Another year and another transfer window. Throughout the month of January clubs all over Europe frantically try to conduct business, and whilst some gain significant firepower, others lose crucial cogs in their machine. It's a brutal month for managers and fans alike, but there is a certain type of club that it usually spells doom for: The selling club.
Like a baton that nobody wants, the notion of being a selling club is usually placed on small to midsize provincial sides, which after a short period of sustainability in their domestic league have been deemed ripe for the harvest as larger sides cherry pick the highest performers (it's also worth noting that any team can be classed as a selling club, but for the sake of argument we will go with this definition).
There's an old adage in football that there is no time for sentimentality, and for fans of selling clubs this couldn't be truer. No sooner has the club shop run out of a player's name for the back of the replica shirts, the player is subject of a big money move to another club. It's a harsh reality, but for a term that is usually considered an insult, is it really so bad?
Well, yes and no. The obvious question is why do clubs sell their best players in exchange of building for the future? Crewe Alexandra have often been regarded as having an excellent youth set up, with two recent graduates, Nick Powell and Ashley Westwood, securing moves to Manchester United and Aston Villa respectively just last summer. Over the years they've had the likes of David Platt and Neil Lennon pass through the gates of Gresty Road and go onto bigger and better things, but for Crewe, their academy is what keeps them in business, as clubs frequently pay over the premium for younger players; so it makes sense to take up these offers when they come in.
This is crucial for small sides like Crewe who don't have, or ever will have the fan base, facilities, or complete squad to climb higher and the immediacy of football, as a business, won't allow it.
However, for larger clubs, like Arsenal and Aston Villa, who have both had the selling club tag placed upon them, it can prove problematic. As we know, both sides have run into problems since moving their bigger stars on, albeit for a profit. Wenger has seen success elude him, and now has to face angry fans and antsy board members on a weekly basis, whilst Villa have suffered a dramatic downturn in fortune since their quartet of England international midfielders haven't been replaced.
Youth systems aside, a club needs to be able to replace these players as quickly as possible, which they have not done by spending wisely. It also helps if a club can abstain from bad management decisions like ongoing tactical errors or constant personnel changes. Something that the aforementioned Premier League sides have failed to do recently.
FC Utrecht in the Dutch Eredivise have somehow managed to bypass some of these factors despite having several managerial changes in recent years, and are a great example of how a selling club can consistently move on their best players yet remain competitive.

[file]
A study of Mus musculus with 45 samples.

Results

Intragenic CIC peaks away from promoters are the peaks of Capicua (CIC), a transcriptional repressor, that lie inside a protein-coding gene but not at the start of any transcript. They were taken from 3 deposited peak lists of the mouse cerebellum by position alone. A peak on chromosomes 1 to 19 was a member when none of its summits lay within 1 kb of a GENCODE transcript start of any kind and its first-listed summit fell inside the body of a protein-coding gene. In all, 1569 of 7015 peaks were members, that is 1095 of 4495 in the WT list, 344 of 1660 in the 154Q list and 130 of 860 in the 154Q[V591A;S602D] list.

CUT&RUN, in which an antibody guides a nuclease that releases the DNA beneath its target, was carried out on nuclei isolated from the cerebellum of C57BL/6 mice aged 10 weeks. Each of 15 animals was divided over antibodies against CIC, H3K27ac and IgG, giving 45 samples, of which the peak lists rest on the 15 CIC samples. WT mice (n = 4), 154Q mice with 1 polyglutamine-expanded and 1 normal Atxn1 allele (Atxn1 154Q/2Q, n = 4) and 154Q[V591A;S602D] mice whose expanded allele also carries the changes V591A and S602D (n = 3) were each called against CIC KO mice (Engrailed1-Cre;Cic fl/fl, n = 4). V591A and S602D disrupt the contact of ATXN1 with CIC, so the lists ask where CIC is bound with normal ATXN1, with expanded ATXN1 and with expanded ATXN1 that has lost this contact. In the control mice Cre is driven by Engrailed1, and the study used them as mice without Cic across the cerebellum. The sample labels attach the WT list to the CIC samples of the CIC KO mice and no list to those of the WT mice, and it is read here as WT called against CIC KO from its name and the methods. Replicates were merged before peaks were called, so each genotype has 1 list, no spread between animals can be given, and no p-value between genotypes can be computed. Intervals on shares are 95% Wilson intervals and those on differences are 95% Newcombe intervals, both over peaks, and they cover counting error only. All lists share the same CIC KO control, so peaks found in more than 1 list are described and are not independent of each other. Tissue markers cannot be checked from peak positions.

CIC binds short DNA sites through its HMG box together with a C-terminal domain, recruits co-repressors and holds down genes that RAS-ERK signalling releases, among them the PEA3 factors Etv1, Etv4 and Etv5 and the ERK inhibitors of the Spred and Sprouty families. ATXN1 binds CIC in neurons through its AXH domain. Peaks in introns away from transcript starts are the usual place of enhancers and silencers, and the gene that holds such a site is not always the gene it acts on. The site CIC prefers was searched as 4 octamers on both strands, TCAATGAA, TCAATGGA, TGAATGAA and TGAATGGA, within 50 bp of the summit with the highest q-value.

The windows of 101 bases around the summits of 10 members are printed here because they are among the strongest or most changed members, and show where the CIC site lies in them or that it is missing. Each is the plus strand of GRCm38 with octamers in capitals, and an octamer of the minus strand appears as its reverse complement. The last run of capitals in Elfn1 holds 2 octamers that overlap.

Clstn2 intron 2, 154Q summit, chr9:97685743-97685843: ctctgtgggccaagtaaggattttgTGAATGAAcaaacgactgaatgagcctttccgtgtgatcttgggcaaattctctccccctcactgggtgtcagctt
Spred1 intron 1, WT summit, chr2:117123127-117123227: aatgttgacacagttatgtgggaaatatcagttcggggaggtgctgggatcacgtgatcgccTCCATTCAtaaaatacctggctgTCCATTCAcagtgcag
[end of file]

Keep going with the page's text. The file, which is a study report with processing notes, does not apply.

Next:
Since 2003 Utrecht have sold a number of players that have gone on to become, or are in the process of becoming, household names. Dirk Kuyt, Edson Braafheld, Michel Vorm, Erik Pieters, Kevin Strootman, Dries Mertens, and Ricky Van Wolfswinkle have all been through the doors at Galgenwaard, and that's not mentioning the recent interest from several Premier League clubs and Zambian striker Jacob Mulurenga.
These players have all gone onto join bigger sides and all are now representing their national teams. However, only the combined €15 million deal that took Strootman and Mertens to PSV made any substantial profit for the club, as Vorm was sold to Swansea for £1.5 million, PSV took Pieters for €2.5 million and Van Wolfswinkle left for Sporting Lisbon for €5.4 million, the exact same price that he cost the club when he arrived from Vitesse in 2009.
In 2008 Utrecht were taken over by Van Seumeren (who also own AZ) and it was shortly announced afterwards that the money generated from this takeover would go into further development within their scouting and youth systems, which is no surprise considering that the names on that list all came from the academy or were purchased for a relatively small amount from other provincial sides.
This is where Utrecht has succeeded. They utilise their scouting department by identifying an asset who will perform for the club and increase in value when the time comes to move them on. A healthy youth academy also helps.
Utrecht isn't the only club that operate in this manner. The Netherlands has always been one of football's most active exporters of players, but it is a league with it's own set of clubs regularly monopolising the honours and those just below, or on the periphery have had to find ways to adapt, which Utrecht have done.
Despite letting a host of stars go, Utrecht sit in sixth place in the Eredivise table at the time of writing. The all-round stability of the club has meant that they've been in no rush to replace anybody, but there's no doubt that strengthening the playing staff always remains a priority.
So, while it may be frustrating sometimes to support a selling club, they are an integral part of the football landscape. If it wasn't for Lille, there'd be no Hazard, if it wasn't for Stuttgart, there'd be no Gomez, and if it wasn't for Monaco, there'd have been no Henry, and so on. Selling clubs are ideal pressure free environments for young stars to learn in, and without them the some of the players we love to watch most likely wouldn't have reached the peaks that they have.